Newborn babies don't get very dirty, so as long as you clean your baby's bottom thoroughly at each diaper change, you probably won't need to bathe her more than two or three times a week. And the bath only has to be long enough to wipe off any debris and peeling skin that's collected. Likewise, your baby's hair (if she has any) won't need to be shampooed at every bath; just do it whenever it seems necessary. While most babies will quickly learn to love bath time, don't be surprised if yours squirms or cries at first — all that water takes some getting used to!
Here are a few more tips to make bath time safe and pleasant for both of you:
- While your baby still has her umbilical cord attached, quick sponge baths (with your baby lying securely on a soft padded surface) let you avoid submerging the cord stump, which needs to stay dry.
- When your baby's cord has fallen off, she'll be ready for a true bath: Use a bathinette, sink, or plastic tub lined with a towel and filled with about two inches of water.
- Always bathe your baby in a warm, draft-free room, and have a dry towel handy to wrap her in immediately following her bath. Placing a warm, wet washcloth over your baby's stomach during her bath may help prevent her from becoming chilled.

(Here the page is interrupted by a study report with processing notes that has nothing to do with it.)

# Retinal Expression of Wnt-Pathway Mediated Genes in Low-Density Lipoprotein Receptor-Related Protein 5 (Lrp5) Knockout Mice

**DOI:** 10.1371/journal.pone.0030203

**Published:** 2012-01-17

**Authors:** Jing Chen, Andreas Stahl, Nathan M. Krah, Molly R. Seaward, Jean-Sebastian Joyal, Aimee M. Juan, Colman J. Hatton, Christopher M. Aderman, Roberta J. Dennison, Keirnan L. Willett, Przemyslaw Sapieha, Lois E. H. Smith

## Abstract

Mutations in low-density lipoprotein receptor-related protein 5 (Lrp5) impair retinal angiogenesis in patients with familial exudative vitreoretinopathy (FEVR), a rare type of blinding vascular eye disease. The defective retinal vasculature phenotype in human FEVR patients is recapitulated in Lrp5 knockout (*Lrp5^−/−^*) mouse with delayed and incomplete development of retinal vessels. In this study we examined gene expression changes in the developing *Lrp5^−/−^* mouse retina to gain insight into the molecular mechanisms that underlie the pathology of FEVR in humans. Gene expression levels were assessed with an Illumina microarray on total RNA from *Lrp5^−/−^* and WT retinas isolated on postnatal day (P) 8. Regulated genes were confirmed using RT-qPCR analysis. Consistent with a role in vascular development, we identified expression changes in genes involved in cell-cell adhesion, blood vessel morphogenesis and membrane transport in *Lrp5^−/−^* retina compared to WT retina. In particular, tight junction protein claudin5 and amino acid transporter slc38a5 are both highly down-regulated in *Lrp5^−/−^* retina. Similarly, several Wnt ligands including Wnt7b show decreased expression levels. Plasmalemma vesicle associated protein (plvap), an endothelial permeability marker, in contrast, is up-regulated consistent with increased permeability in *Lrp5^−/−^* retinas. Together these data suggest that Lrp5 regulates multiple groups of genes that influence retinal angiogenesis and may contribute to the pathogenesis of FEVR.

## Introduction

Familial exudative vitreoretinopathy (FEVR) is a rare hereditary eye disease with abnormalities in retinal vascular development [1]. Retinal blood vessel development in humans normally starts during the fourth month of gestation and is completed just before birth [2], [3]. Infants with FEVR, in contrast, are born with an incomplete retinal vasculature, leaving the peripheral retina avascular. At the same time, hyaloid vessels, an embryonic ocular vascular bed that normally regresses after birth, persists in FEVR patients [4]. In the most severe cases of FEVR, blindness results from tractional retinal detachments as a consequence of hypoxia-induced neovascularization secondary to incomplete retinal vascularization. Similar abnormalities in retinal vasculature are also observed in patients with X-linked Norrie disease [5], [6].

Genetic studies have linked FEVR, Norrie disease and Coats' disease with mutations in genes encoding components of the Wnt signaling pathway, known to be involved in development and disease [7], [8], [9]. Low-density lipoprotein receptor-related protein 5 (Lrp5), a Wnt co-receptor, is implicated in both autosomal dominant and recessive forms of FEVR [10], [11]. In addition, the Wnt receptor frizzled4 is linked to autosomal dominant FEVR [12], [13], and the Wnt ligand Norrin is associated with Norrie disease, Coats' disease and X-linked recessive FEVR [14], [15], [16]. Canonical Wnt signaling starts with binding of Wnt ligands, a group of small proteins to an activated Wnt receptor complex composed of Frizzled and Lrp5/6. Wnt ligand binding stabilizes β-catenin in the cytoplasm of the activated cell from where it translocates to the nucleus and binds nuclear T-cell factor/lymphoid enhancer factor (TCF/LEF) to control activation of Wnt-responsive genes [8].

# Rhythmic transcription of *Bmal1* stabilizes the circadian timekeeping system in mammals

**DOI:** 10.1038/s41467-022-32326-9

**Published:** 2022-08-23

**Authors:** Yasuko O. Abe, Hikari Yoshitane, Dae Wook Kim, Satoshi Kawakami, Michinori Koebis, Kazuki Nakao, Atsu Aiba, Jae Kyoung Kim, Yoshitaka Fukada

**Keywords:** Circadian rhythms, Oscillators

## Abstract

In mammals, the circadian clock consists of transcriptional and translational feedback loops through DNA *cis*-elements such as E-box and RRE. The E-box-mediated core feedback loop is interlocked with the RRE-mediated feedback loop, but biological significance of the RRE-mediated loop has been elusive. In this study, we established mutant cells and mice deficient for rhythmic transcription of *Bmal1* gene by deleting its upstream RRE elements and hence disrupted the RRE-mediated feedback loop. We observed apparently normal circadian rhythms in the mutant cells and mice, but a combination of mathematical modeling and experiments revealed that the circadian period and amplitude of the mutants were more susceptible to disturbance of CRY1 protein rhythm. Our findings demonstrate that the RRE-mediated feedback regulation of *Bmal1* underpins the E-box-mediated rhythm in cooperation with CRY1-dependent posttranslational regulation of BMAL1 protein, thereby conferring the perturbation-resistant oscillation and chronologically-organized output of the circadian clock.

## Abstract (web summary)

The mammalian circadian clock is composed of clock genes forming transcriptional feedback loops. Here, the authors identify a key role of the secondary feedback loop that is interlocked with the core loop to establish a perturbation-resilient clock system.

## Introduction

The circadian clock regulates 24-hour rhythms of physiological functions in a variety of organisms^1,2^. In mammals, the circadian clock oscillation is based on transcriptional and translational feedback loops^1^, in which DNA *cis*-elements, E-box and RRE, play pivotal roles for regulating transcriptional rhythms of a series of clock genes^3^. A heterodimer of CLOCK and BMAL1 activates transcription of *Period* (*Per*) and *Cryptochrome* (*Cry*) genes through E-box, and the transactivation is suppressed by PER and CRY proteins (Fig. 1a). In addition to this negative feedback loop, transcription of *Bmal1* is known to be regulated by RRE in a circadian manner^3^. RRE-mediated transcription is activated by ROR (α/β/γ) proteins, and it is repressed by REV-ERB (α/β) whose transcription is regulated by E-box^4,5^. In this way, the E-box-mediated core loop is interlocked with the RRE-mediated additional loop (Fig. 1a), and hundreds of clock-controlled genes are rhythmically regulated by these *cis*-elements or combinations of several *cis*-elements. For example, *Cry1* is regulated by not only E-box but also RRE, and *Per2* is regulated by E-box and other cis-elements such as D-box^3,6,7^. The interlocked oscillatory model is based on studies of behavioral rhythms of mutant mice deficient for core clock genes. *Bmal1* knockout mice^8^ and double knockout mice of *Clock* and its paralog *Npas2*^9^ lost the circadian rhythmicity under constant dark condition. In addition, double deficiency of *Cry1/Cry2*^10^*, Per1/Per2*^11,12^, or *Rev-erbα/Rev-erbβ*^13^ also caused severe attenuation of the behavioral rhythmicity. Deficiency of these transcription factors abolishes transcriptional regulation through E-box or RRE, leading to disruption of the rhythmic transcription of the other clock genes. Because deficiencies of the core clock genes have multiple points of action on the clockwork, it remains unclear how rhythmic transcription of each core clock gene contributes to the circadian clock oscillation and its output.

- To clean your baby, use a soft washcloth or sponge. Rinse each part of your baby in turn, gently sponging off any visible flakes of skin. Be sure to check behind her ears, between her fingers and toes, under her arms, and in the folds of her neck and thighs, where debris often collects.
- Keep one hand on your baby at all times — she could slip into the water in a heartbeat — and never leave your baby alone in the bath, even for a moment. If you have to leave the room, take her with you.
- After your baby's bath, gently pat her dry. You may want to moisturize her skin to help maintain its natural strength and softness.
Get more bathing basics from Dr. Anthony Mancini.